As I started reading on-line about the 2016 wildflower bloom in Death Valley National Park, I rather impulsively decided to make a trip to the park to see it first-hand; it would be my first time. There were hopeful predictions of a so-called super-bloom, the most recent of which occurred in 2005, when the wildflower display is especially spectacular. The wildflower update page had reported high temperatures and the need for more rain; then the next week a good 0.3-inch soaker occurred, and I quickly made my plans.
I spent 4 days in Death Valley National Park, with another day’s drive each direction to get there and back from the San Francisco Bay Area. My days were full, and the trip was exceptional. This post is a prelude: the 450-mile drive from home to Panamint Springs.
Due to the seasonal snow in the Sierras the shortest route was down I-5 and CA-99 to Bakersfield, then east on CA-58 through the Tehachapi Mountains. From there I continued north on CA-14 and US-395 to Olancha, and east on CA-190 into the park. Driving through the Tehachapi Mountains brought back fond memories from some 20 years ago, when I used to participate in an annual 14-hour overnight car rallye between Santa Barbara and Las Vegas. So many road names were familiar, though during the rallyes I had driven them in the dark.
North of Mojave CA-14 passes through Red Rock Canyon State Park, with kind of a preview of beautiful geological formations that I would see in Death Valley. This picture doesn’t do full justice to the red hues.
CA-14 passes along the western edge of the Mojave Desert, which begins at the eastern edge of the Sierras and continues across Nevada and into Utah. This section of the Mojave is often referred to as the high desert, since most of it (except for Death Valley itself) is above 2000 feet elevation. The Mojave Desert is almost synonymous with Joshua trees (Yucca brevifolia).
From Olancha CA-190 goes northeast along the shoreline of Owens Lake, now a mostly dry lake following the famous diversion of the Owens River via the Los Angeles Aqueduct to Los Angeles. The associated California Water Wars inspired the film Chinatown. From CA-190 there was a nice view northwest across the lake and into the Sierras. If you look closely you can see a band of water with reflections of the mountains.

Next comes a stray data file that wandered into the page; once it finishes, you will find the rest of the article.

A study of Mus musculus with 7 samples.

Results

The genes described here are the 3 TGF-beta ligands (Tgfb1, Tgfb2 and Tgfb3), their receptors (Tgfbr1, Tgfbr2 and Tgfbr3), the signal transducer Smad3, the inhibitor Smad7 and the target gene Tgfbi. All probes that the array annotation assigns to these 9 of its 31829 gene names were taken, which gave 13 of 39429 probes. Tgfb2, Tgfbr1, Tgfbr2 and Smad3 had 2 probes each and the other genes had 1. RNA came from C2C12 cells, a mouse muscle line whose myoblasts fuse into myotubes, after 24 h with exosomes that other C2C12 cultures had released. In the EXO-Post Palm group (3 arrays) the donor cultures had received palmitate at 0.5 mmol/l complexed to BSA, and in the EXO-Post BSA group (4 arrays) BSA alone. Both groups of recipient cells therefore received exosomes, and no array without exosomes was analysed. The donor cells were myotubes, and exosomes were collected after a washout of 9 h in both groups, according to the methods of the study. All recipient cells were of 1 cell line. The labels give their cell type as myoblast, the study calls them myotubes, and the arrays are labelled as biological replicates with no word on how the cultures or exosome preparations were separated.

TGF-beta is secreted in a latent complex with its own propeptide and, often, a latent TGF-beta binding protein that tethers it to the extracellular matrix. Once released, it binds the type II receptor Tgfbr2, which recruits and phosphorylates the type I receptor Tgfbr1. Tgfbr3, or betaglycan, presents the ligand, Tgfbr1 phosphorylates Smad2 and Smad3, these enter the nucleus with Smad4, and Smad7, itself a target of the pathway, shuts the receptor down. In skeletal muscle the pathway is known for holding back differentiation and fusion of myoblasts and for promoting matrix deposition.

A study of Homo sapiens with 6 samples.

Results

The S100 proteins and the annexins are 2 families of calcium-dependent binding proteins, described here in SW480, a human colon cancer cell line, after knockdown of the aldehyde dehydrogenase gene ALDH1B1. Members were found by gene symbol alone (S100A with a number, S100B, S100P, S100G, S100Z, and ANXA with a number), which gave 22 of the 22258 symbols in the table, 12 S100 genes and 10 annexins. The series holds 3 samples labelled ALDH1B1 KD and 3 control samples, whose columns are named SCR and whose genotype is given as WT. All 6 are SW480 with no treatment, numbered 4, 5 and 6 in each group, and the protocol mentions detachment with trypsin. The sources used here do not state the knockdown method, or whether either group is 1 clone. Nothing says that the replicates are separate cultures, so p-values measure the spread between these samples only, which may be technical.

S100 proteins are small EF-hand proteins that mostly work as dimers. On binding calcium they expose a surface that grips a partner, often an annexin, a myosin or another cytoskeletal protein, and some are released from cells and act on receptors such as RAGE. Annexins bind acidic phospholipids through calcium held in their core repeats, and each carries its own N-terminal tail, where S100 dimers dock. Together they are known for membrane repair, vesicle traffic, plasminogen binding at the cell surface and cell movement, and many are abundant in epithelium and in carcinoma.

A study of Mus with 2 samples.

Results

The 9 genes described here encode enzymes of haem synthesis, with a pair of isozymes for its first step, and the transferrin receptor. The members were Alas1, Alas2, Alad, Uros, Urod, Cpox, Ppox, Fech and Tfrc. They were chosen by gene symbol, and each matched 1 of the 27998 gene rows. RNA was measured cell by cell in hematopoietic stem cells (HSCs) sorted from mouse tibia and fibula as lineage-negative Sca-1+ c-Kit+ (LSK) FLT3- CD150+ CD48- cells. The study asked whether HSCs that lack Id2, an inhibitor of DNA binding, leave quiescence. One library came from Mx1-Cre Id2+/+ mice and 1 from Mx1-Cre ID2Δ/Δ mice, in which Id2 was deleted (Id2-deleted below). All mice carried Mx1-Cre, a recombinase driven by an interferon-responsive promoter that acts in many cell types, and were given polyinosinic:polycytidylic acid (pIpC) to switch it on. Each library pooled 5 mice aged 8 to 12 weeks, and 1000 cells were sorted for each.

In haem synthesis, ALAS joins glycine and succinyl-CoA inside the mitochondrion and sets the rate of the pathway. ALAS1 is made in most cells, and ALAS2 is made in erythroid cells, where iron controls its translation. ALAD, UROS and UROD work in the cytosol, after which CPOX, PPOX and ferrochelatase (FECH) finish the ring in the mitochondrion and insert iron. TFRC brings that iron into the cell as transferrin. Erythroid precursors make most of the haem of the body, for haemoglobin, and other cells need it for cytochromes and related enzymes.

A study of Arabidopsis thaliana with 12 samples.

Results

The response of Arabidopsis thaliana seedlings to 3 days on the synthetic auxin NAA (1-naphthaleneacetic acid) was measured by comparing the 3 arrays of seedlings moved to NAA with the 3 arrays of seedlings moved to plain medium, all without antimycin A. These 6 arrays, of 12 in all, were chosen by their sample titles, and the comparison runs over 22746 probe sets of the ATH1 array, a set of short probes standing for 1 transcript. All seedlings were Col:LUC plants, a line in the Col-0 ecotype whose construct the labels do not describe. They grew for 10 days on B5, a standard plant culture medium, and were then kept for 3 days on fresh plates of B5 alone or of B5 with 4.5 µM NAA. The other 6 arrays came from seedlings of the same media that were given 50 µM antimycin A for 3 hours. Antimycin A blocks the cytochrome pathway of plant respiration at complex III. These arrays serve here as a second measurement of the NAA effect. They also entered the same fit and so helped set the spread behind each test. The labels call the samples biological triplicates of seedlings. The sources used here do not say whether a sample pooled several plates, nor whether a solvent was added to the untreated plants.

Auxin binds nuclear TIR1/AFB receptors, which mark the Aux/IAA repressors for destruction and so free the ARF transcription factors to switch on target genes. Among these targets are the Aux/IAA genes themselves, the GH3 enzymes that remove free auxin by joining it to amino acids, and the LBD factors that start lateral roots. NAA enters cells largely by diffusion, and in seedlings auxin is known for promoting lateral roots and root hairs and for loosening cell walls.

CA-190 meets up with CA-136 at the eastern tip of Owens Lake and then continues, past the Malpais Mesa and Darwin Falls Wildernesses, into Death Valley National Park.
From Owens Lake CA-190 climbs from about 3600 feet to 5000 feet elevation just outside the park boundary before a long descent to Panamint Springs at 2000 feet elevation. Along the way there are beautiful views across the Panamint Valley from Father Crowley Point and from other pull-outs along the road. This picture shows the Panamint Range across Panamint Valley about ½ hour before sunset. I think the highest peak at the right of the skyline is Telescope Peak, which is 11,000 feet elevation at the peak.
About 14 miles inside the park boundary I arrived at Panamint Springs Resort, at about 2000 feet elevation, where I would spend the night. As I parked in front of my room I noted that my neighbors had just witnessed the sunset across Panamint Valley. I was glad to have completed my 450-mile drive in daylight. Just outside my room there was a tall, lone palm tree that served as the view from my room.
Even though there is what appears to be a communication tower in the picture, I had effectively entered an “incommunicado zone” where I would spend the next four days. First up: making more specific plans for wildflower viewing the next day. I could hardly wait!